By Dave Sweeney - posted Monday, 17 June 2013

For most Australians nuclear issues are the concern of other nations, largely because we don't, and are most unlikely to ever have, domestic nuclear reactors. But as home to one third of the world's uranium Australia is a significant player in the global nuclear game and we are playing an increasingly irresponsible hand.

Today in Canberra representatives from the Australian Conservation Foundation, Friends of the Earth, the Medical Association for the Prevention of War and the International Campaign to Abolish Nuclear Weapons will have a rare window of opportunity to put their case to a Parliamentary committee as to why Australia should not sell uranium to the United Arab Emirates (UAE).

The UAE is country with an illiberal government situated in one of the world's most insecure regions. The commercial interests of multi-national uranium producers have been prioritised over the wider national interest. Instead of industry assurances it is now time to test the claims - and examine the costs - of Australia's uranium industry.


The value of the employment and economic contribution made by the Australian uranium sector is consistently exaggerated while its risks and liabilities are routinely played down. When it comes to jobs and dollars uranium is a small contributor to Australian export revenue and employment, but when it comes to global impact and risk Australian uranium is in the major league.

From 2002 to 2011, uranium sales averaged $627 million annually and accounted for only 0.29 per cent of all national export revenue: small beer, but with a big hangover.

The industry's contribution to employment in Australia is also underwhelming. The World Nuclear Association estimates 1760 jobs in Australia's entire uranium industry. This is the highest of all estimates yet it represents just 0.015 per cent of the jobs in Australia. While small industrial sectors can play an important economic role, the unique properties and risks of uranium relative to its meagre employment and economic benefits means it requires particular scrutiny.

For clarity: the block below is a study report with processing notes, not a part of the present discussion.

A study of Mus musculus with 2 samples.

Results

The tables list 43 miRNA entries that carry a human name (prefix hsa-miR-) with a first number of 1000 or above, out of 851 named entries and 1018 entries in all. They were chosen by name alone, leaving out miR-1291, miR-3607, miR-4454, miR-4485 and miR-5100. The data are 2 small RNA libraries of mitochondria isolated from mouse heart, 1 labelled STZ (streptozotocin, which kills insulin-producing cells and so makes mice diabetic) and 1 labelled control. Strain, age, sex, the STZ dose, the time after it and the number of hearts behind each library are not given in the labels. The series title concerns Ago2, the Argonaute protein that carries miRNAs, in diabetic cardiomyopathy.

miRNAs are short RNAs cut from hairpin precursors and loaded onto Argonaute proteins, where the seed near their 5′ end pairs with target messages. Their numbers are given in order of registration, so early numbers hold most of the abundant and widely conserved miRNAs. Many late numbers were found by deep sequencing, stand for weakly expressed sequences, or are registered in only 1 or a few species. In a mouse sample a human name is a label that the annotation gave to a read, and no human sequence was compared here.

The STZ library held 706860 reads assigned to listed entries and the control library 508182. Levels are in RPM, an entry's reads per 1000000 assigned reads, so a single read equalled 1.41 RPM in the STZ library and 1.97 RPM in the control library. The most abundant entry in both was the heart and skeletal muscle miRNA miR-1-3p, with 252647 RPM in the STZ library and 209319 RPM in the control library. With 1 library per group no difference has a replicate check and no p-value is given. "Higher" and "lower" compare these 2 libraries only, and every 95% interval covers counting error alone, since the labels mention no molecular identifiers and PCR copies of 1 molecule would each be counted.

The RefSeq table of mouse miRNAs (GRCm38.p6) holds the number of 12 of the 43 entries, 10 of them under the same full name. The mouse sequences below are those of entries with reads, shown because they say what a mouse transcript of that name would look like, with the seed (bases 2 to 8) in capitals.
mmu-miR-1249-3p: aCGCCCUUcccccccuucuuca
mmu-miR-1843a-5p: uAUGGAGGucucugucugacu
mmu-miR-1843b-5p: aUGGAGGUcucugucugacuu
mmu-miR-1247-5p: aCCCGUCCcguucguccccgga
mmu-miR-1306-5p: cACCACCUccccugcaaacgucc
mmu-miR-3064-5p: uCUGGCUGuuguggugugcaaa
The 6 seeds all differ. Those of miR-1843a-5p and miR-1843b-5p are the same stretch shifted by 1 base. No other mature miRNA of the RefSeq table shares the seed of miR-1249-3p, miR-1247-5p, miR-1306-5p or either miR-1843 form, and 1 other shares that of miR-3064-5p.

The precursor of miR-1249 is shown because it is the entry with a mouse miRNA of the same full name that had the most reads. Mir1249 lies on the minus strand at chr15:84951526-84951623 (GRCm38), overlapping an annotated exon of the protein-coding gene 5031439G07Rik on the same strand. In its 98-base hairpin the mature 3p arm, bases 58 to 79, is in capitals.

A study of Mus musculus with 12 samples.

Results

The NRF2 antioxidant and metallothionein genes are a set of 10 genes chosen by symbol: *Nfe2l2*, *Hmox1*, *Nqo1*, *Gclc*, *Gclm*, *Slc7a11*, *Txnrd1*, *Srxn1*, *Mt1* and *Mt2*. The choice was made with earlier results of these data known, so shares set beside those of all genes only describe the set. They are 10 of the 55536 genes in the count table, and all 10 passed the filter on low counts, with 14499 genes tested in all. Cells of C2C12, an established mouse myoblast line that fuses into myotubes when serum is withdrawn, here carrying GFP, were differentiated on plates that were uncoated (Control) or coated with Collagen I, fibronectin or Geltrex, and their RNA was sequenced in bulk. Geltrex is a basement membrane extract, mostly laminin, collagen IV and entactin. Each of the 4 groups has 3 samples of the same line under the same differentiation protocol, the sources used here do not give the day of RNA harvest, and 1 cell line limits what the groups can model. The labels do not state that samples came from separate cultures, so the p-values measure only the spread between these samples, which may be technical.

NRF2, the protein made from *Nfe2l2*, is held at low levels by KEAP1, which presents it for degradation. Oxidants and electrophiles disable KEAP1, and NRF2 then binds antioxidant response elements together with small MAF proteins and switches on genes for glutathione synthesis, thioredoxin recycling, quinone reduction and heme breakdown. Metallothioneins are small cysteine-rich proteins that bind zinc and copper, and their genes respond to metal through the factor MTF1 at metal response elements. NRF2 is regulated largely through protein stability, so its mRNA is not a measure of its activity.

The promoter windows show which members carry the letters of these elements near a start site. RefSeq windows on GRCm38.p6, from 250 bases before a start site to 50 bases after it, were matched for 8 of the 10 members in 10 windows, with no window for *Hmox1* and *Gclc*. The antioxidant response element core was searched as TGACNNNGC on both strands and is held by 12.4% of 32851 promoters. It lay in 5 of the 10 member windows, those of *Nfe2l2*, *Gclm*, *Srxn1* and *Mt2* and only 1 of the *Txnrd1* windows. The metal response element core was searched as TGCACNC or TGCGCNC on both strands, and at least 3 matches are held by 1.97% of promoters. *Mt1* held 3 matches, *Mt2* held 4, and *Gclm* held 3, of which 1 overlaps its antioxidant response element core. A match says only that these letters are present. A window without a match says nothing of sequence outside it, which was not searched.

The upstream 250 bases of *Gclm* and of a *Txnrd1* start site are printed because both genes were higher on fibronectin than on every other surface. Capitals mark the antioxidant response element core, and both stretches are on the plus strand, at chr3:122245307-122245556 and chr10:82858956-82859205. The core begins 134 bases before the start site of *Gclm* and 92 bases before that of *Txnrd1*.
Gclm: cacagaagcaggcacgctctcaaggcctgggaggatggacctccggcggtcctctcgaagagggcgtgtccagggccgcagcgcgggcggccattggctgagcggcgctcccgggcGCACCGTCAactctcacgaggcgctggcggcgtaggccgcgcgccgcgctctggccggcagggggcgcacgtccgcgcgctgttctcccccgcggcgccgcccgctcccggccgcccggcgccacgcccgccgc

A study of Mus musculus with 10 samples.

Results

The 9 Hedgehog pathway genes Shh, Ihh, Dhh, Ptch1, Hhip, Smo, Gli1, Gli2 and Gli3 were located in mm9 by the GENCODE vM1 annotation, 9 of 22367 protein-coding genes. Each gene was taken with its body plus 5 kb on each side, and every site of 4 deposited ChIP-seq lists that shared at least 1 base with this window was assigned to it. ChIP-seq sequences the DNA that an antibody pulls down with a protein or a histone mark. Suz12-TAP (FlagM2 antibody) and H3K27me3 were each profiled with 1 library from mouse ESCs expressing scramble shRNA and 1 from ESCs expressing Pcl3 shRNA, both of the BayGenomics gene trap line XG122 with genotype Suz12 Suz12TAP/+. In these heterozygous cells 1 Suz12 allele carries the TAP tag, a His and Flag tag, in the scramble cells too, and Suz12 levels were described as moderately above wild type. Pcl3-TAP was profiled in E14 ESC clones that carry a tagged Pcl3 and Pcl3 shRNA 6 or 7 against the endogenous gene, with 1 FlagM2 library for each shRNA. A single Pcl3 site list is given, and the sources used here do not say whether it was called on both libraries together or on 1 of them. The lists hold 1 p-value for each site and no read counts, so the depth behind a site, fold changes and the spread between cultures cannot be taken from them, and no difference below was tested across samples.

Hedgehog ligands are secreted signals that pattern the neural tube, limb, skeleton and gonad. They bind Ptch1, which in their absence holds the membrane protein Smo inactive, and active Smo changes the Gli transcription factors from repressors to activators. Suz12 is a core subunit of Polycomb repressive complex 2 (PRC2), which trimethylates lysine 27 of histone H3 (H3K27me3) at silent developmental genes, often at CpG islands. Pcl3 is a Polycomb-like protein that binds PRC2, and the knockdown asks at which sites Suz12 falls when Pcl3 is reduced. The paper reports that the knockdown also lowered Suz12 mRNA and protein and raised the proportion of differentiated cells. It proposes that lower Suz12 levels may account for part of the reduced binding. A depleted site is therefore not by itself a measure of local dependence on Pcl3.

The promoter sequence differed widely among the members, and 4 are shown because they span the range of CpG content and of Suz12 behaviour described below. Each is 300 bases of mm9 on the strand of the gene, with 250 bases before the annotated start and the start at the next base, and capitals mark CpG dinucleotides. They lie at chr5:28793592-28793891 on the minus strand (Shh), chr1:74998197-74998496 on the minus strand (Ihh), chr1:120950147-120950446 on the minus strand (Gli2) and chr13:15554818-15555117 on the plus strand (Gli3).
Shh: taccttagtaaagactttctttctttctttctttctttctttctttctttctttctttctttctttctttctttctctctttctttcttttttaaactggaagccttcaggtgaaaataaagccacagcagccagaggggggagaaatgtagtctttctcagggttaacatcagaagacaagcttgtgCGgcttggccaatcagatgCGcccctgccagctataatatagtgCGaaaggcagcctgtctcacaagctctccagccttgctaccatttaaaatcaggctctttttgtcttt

The Australian Conservation Foundation recently used industry data to examine the sustained gap between the promise and the performance of the Australian uranium sector. The report Yellowcake Fever: Exposing the Uranium Industry's Economic Myths highlights the urgent need for an independent cost-benefit analysis and a comprehensive and transparent assessment of Australia's uranium trade.

In relation to the proposed UAE deal, Foreign Minister Bob Carr talks of its importance in "underpinning jobs and investment in Australian uranium mines" while the Department of Foreign Affairs states there is "strong commercial interest in the long term amongst Australian uranium producers in supplying uranium to the UAE".

Supporters of the sale deal have again put the promise of dollar signs ahead of the reality of danger signs. They have shirked an opportunity to increase scrutiny of Australia's under-performing uranium sector and failed to either address the poor democratic record of the UAE or voice any criticism about crackdowns on democracy activists making modest calls for political reform in a country where the "Arab Spring" has not yet sprung.


The UAE is a collection of seven emirates including Abu Dhabi and Dubai and has one of the least participatory political systems in the world. In 2012 more than 50 human rights activists in the UAE were rounded up and detained without charge following calls for political reform. Several pro-democracy NGO's including the US-funded National Democratic Institute and the German-funded Konrad Adenauer Foundation were forced out of the country and Amnesty International expressed concerns over torture.

The planned uranium sale treaty currently before the Federal Parliament's Joint Standing Committee on Treaties, states that the agreement "shall remain in force for an initial period of thirty years and upon expiry of this initial period shall be renewed automatically for successive thirty year periods", meaning Australia would be locked in to supply uranium irrespective of political changes or upheavals in the region.

Despite the federal government's repeated insistence that the uranium must and will only be used for peaceful purposes, there is clear evidence that international nuclear safeguards are stressed, under-resourced and effectively impossible to police. To simply state that Australian uranium will not be misused is naïve and lacks credibility.


Dave Sweeney is nuclear free campaigner for the Australian Conservation Foundation.